AUSTIN — Scott Shuffitt is partially responsible for ushering in a new fan base for the slacker hero film “The Big Lebowski.” But what drew the Lebowski Fest co-founder to Austin this past weekend was a passion project that has little to do with White Russians and bowling etiquette.
To date, Shuffitt has shot between 40 and 50 hours of interviews and footage for “Brick and Mortar and Love,” a documentary work-in-progress exploring the cultural relevance of independent record stores and their current financial strife. Shuffitt got the idea when ear X-tacy announced last year that it could close if it didn’t see an increase in sales. The store moved to Douglass Loop late last year.
Shuffitt, who has been financing the project himself, has traveled to record conventions in Chicago, Phoenix and Birmingham, Ala., where he spoke with members of the Coalition of Independent Music Stores, which announced earlier this spring that it was shutting down Think Indie, its iTunes equivalent, due to low revenue. Over the weekend, Shuffitt booked interviews with employees at Waterloo Records and End of an Ear, who arguably enjoyed greater foot traffic thanks to in-store performances as part of SXSW.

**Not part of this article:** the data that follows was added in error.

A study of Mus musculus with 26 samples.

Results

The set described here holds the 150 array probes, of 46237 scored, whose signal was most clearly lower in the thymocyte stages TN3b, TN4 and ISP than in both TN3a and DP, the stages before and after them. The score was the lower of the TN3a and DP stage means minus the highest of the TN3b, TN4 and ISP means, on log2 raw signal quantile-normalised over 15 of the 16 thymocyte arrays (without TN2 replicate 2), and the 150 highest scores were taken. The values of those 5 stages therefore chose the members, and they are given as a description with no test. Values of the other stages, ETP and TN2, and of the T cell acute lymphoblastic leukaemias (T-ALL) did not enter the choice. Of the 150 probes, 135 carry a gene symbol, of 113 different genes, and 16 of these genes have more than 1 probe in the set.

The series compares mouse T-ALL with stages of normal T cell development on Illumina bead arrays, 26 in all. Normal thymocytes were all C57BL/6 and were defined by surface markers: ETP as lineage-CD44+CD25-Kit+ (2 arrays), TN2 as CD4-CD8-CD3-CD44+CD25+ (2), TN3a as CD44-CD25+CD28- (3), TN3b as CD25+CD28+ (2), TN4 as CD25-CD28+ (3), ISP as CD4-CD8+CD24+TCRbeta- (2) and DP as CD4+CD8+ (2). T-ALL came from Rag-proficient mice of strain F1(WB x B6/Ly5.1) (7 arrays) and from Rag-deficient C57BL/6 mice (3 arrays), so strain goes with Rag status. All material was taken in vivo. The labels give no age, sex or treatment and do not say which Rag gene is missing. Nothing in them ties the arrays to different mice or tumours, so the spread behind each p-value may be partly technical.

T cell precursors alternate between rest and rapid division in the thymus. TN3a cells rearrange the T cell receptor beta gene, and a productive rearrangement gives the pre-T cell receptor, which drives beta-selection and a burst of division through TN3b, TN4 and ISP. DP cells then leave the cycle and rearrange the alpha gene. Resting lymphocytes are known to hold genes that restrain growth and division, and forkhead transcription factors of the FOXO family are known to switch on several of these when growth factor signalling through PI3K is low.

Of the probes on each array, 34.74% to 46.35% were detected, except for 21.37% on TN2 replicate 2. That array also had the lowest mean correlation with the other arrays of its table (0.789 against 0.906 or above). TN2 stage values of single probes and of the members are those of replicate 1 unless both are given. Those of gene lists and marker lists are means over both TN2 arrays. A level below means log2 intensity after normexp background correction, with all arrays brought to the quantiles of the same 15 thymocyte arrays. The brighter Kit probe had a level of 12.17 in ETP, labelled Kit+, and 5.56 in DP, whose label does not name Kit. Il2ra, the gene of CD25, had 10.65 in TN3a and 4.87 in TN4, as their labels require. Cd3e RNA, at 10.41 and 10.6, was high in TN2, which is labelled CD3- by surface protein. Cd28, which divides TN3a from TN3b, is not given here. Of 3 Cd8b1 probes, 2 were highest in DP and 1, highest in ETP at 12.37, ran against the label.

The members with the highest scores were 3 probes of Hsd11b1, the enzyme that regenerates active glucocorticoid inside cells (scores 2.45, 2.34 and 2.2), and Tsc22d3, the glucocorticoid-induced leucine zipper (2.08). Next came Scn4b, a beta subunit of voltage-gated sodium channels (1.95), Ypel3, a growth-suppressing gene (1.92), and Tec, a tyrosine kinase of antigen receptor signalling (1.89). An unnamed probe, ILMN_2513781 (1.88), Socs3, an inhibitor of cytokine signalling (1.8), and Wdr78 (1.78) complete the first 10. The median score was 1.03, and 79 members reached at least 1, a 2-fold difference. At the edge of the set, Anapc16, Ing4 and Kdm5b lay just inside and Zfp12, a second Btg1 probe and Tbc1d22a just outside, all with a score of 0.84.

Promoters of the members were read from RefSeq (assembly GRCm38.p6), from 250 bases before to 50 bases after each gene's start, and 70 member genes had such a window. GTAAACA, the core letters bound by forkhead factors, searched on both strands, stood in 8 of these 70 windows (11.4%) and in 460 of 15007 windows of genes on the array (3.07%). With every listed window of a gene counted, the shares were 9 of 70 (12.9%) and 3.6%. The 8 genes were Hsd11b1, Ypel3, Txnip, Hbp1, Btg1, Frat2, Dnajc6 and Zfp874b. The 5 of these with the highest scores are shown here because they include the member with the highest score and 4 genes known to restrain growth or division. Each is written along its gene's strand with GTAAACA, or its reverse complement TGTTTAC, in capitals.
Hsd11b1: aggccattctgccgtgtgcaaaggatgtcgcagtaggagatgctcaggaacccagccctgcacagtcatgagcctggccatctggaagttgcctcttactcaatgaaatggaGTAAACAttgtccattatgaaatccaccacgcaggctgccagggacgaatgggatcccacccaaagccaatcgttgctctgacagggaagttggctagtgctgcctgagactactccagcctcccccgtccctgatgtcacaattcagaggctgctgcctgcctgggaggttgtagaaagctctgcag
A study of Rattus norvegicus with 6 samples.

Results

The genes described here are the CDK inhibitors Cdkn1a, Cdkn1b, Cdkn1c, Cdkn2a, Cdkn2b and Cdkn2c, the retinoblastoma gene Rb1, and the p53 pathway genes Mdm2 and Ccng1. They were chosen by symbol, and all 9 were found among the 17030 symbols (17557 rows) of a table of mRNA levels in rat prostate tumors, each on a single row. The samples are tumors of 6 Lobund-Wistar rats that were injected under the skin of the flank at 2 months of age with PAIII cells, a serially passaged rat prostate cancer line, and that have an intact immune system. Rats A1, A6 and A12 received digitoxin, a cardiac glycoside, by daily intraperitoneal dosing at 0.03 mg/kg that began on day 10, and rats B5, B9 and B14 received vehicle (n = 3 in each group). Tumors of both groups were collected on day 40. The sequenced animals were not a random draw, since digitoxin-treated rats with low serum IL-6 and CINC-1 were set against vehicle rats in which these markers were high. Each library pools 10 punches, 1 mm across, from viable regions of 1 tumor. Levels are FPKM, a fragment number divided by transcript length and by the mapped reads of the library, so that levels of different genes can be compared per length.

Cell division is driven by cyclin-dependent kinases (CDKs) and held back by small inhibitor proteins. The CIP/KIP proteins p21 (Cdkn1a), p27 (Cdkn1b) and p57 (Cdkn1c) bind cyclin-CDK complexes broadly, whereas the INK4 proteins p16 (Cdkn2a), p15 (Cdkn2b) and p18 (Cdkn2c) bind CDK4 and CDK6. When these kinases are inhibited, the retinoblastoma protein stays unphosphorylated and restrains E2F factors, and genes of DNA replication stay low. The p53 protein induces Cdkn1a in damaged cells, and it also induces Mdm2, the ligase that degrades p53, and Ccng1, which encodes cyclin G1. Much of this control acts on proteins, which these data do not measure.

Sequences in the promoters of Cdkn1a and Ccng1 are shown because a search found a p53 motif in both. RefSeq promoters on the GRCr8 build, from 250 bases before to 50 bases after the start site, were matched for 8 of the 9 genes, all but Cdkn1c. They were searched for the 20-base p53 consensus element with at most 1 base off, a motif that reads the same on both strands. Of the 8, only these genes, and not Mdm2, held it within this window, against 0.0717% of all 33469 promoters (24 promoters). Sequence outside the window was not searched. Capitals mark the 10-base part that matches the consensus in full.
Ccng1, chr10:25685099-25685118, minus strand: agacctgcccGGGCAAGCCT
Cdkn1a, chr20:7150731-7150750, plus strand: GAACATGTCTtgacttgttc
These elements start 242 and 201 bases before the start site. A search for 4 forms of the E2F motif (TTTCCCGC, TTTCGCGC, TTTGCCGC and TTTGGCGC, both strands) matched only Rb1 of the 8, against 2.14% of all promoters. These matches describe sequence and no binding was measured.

“I’ve got to document this,” says Shuffitt, 38, whose video background includes shooting music festivals, short-form documentaries and participating in Louisville’s annual 48-Hour Film Festival. Shuffitt is decidedly pro-independent record store, doesn’t own an iPod and, although he uses an iPhone, says he’s purchased only one download of a song.
To him, the indie store is a cultural flashpoint, where you can be turned on by a new band and experience something completely unrelated to music. “I’ve heard about people who have met their spouses (at record stores),” he says. The indie record store “is a source of inspiration. It’s a place where the community can thrive and grow.”
Shuffitt says he did not know much about the record industry when he started gathering film, but he’s seen a few themes develop during the course of his research. The old news is the economy sucks and people want to buy digital. But there’s also another key facet of his film. “The store,” he says, “buys into the community,” and over time, these indies have the cachet to help motivate other independent entrepreneurs open their own shops, sometimes within the same geographic area. But that gentrification cuts both ways, particularly when landlords see such progress as an excuse to raise rent.
“Brick and Mortar and Love” has no completion date set yet, but Shuffitt has started a Facebook page.